SNC-Lavalin (TSX:SNC) just revealed a major issue discovered on one of its contracts that will significantly hit earnings.
Traders have hammered the stock, sending it down as much as $15 per share from $48.50 to $33.50. Contrarian investors are now looking at the sell-off and wondering if this might be a good opportunity to add the stock to their portfolios.
What’s the scoop?
A problem connected to a mining contract is the source of the surprise. Management didn’t give any specifics, other than saying the issue is connected to a deal secured in 2016.
SNC said it will report adjusted profit of $1.15-1.30 per share from its engineering and construction business for 2018, compared to previous guidance that was more than double that level. For the entire company, full-year 2018 earnings are now expected to be $2.15-2.30, compared to earlier estimates of $3.60-3.85.
Keeping with a common strategy among big companies of getting all the bad news out at once, SNC-Lavalin also said it is taking a $1.24 billion charge on the value of its energy division due to the difficult relationship that has emerged between Canada and Saudi Arabia. SNC has significant contracts in the country, where it says 15% of its employees are working on various projects.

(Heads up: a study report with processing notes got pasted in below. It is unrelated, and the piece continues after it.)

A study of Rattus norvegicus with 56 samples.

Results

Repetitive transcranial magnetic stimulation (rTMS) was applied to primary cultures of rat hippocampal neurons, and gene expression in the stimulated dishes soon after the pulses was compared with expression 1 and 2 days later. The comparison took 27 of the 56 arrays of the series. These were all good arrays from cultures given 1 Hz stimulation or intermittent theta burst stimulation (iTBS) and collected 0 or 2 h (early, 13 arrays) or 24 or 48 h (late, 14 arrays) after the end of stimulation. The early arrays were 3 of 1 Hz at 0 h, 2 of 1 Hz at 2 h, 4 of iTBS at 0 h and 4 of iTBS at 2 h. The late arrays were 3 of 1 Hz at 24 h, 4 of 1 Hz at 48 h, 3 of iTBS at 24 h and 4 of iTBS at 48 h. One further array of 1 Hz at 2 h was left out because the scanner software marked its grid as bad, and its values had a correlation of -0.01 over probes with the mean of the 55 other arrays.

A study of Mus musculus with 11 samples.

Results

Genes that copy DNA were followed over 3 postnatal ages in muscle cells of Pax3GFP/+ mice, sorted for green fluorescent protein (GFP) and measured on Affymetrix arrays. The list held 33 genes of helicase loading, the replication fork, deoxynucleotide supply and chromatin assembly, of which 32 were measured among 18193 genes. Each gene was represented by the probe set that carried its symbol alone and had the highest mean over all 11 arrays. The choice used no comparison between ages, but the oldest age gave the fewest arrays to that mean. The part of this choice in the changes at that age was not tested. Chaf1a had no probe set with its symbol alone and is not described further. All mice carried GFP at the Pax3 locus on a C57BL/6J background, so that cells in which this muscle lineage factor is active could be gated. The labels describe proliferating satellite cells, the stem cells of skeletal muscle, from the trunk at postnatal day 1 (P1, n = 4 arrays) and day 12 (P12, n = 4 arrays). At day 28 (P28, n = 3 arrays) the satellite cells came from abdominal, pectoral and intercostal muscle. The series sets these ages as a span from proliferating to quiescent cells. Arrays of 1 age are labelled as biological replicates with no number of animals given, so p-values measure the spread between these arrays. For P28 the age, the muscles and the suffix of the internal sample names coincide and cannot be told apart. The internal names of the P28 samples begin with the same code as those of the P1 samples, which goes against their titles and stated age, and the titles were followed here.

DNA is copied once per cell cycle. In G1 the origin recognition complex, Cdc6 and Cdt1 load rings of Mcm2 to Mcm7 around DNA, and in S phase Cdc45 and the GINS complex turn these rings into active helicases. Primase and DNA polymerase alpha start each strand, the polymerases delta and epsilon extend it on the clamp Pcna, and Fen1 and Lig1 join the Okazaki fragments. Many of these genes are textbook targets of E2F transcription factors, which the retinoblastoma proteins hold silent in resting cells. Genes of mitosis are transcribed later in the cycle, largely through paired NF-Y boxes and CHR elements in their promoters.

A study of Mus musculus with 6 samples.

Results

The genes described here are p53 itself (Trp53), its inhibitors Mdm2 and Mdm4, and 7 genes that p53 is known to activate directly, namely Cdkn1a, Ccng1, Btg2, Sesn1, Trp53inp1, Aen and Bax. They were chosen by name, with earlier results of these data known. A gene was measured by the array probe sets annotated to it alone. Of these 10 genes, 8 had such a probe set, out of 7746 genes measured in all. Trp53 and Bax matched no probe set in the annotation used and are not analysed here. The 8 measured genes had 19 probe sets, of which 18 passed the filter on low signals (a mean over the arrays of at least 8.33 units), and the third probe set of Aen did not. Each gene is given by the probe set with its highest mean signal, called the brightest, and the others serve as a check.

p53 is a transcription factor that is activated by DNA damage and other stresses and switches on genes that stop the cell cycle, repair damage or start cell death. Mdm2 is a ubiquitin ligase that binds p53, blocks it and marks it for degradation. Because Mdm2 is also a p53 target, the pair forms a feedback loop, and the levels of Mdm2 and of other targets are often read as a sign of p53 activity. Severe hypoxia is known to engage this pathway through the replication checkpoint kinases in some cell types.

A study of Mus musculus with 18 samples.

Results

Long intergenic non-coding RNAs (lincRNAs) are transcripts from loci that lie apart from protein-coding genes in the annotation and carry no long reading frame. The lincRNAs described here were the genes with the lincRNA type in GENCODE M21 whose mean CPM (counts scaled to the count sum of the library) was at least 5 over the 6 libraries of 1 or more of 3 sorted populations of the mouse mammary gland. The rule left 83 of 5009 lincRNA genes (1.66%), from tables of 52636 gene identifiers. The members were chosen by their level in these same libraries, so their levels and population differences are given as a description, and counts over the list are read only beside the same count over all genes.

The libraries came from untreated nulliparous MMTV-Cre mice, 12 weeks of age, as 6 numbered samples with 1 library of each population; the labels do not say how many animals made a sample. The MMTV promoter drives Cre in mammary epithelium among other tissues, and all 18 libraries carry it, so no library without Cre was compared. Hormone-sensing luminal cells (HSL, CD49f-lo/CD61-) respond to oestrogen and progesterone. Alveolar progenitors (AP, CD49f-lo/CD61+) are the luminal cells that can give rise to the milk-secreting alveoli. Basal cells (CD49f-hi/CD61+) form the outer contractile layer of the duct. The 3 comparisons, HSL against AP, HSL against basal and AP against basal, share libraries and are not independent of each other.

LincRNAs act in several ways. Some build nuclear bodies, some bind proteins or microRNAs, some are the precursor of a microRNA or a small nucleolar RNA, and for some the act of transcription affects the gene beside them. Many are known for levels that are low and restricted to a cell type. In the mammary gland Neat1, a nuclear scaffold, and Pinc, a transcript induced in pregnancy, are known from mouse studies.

The subsequent plunge in the stock has essentially wiped out all the gains the company managed to deliver in the past few years after the fallout from a series of corruption scandals.
SNC made a major move into the energy construction sector when it spent $3.6 billion in 2017 to acquire U.K.-based WS Atkins. The energy unit, which was partly responsible for the stock’s surge from $40 to $60 per share, was widely expected to be a huge driver of growth in the coming years.
Trouble at home
The news follows a decision last year by the Canadian government to refuse to accept a proposed settlement regarding charges filed against SNC-Lavalin connected to previous corruption probes.
Should you buy?
SNC-Lavalin is a major player in the global infrastructure, transportation, and energy sectors with world-class project capabilities. The sell-off is probably overdone, given the strong project backlog and the long-term potential for the company. Contrarians can pick up a 3% yield and a shot at some nice gains on a potential rebound.
At this point, however, it might be best to sit back and wait for the dust to settle. Every time it appears SNC-Lavalin has finally put its troubles in the rear-view mirror, another surprise emerges.
Other opportunities might be better bets right now.